National Labor leader Anthony Albanese has endorsed Anthony Byrne to remain as deputy chair of federal parliament’s intelligence and security committee after the prime minister said he would take Albanese’ recommendations on the matter.
This has come after Adem Somyurek—the man at the center of the branch stacking and corruption scandal—entangled Byrne, his mentor and friend, by releasing a selection of foul-worded text messages exchanged by the pair to the media.
In response, Byrne accused Somyurek of “cherry-picking” the texts, News Corp’s The Australian reported.
Byrne said: “Somyurek has selectively released a hand-picked selection of my text messages to him sent over two years just hours after I made a public statement that I had contacted authorities and would assist with their corruption investigations into him,’’ he said.
“That speaks for itself,” he added.
During a doorstop press conference on June 18, Adem Somyurek told 9News: “Anthony Byrne is someone that I respect, who taught me everything about branch work. I have a lot of respect for the man.”
On June 18, Albanese said he had sought and received assurance that Byrne has “acted legally at all times.”
The Text Messages
News Corp’s The Australian newspaper published the contents of the texts on June 18, which had been released by Somyurek to The Age the day before, after Byrne publicly supported the investigation into Somyurek’s actions.
Spanning over two years, the selection of texts contained disparaging comments about fellow Labor Party colleagues.
In the texts, Byrne wrote about wanting to urinate on the beheaded corpse of a former Labor Party MP and called former Labor Senator Sam Dastyari “crooked and corrupt.”
Byrne also accused an unnamed female Labor staffer of playing dirty politics and threatened to expose her via one of ABC Four Corners’ well-known in-depth investigative programs on China—which he referred to as their “hatchet job” on China.
The ABC reported Labor leader Anthony Albanese as saying: “The comments that are published today from Mr Byrne are completely unacceptable and inappropriate and I’ve counselled Mr Byrne about his language and the inappropriateness of those comments.”
Byrne Is Strongly Critical of Chinese Communist Party
Byrne is a high profile figure in the Australian Labor Party who is strongly critical of China’s recent behaviour.
He currently holds the position of deputy chair and has been a long-serving member of the parliamentary intelligence and security committee.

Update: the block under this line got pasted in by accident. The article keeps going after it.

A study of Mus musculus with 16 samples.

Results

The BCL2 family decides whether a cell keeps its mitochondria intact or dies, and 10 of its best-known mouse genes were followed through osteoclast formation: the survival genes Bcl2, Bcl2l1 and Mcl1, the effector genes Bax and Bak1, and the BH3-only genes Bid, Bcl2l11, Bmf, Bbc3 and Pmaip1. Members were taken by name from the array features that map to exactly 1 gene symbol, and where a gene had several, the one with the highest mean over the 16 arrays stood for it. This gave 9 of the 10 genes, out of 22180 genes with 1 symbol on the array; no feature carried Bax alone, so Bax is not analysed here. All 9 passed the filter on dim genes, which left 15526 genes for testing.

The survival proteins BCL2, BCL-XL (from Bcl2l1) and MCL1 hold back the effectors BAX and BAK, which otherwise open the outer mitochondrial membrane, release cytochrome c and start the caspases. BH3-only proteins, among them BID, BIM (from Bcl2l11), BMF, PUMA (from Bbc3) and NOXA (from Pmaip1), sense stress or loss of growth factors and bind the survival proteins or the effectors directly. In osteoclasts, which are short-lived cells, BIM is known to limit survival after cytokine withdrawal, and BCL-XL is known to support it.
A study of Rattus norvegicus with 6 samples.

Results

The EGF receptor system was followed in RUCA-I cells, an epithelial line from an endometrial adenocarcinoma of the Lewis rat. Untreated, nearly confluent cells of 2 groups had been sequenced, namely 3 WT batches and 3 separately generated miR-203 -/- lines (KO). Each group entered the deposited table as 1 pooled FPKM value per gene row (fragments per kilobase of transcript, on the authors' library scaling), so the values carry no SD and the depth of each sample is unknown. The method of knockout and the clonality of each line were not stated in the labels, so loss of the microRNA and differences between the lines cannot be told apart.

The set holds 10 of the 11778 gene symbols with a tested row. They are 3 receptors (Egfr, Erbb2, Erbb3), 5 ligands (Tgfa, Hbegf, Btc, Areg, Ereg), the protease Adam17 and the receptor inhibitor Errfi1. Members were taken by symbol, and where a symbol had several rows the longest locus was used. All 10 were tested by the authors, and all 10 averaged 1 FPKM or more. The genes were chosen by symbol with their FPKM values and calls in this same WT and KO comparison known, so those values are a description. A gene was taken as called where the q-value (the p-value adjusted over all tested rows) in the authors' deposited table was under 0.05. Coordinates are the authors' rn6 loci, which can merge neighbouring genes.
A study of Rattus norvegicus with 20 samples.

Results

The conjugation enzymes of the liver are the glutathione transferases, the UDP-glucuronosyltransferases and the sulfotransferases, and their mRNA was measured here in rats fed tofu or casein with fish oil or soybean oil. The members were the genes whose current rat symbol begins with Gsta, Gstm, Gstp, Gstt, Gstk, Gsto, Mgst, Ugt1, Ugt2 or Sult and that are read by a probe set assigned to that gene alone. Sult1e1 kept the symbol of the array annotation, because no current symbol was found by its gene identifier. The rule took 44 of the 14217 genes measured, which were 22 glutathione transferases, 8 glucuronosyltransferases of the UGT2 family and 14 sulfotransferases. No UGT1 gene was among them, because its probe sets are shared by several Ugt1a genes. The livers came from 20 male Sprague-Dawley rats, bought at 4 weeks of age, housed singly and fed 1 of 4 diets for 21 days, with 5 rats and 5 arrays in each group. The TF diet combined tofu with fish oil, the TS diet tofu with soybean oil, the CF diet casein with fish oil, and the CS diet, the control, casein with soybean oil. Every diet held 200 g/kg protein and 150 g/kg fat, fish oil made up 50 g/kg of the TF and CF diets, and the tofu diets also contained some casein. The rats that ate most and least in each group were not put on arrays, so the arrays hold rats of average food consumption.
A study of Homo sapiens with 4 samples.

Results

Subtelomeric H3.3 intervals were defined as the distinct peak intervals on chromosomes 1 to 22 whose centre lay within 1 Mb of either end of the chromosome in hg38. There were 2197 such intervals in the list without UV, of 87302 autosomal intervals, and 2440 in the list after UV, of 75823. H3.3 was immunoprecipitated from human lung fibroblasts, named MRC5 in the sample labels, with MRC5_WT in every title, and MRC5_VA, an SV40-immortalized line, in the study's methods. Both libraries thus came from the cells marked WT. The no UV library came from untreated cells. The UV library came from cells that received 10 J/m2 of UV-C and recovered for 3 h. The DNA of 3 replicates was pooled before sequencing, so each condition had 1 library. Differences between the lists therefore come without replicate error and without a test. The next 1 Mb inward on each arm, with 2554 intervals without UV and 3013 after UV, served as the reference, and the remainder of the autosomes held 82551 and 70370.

On April 9, amid the height of CCP (Chinese Communist Party) virus pandemic (commonly known as novel coronavirus), Byrne explained on Twitter that he and West Australian MP Andrew Hastie, who chairs the committee, were concerned about Australia’s relationship with the Chinese Communist Party.
— Anthony Byrne (@AnthonyByrne_MP) April 9, 2020
Byrne has also been outspoken about Chinese telecommunications company Huawei’s attempt to supply 5G networks globally.
In February, The Age reported that unnamed “sources inside the room” revealed that Bryne had strongly criticised the UK’s Foreign Secretary Dominic Rabb during a meeting, after Britain said in late January that it would not ban Huawei from building the country’s 5G mobile network.
“How would you feel if the Russians laid down infrastructure in your own networks? That’s how we feel about Huawei,” Byrne purportedly told Raab.
British Prime Minister Boris Johnson would later (upon recovering from COVID-19) direct officials to reduce Huawei’s involvement in UK infrastructure projects to zero by 2023.
Byrne, who has served on Australia’s intelligence committee for 13 years, and is highly regarded in the intelligence community, was also instrumental in developing the federal government’s foreign interference laws.
Parliament’s Non-Partisan Anti ‘Wolf Warrior’ Club
China hawk Anthony Byrne is also reportedly a member of a non-partisan Parliamentary group called the Parliamentary Friends of Democracy that displays wolf claws on their front office windows as a statement representing China’s aggressive “wolf warrior diplomacy,” The Age reported.
The informal group is co-chaired by Labor senator Kimberley Kitching and Liberal MP Andrew Hastie, and includes Liberal senators James Paterson and Amanda Stoker.
The group meets and interacts with stakeholders on matters that uphold the tenants of Australia’s democracy, including the rule of law.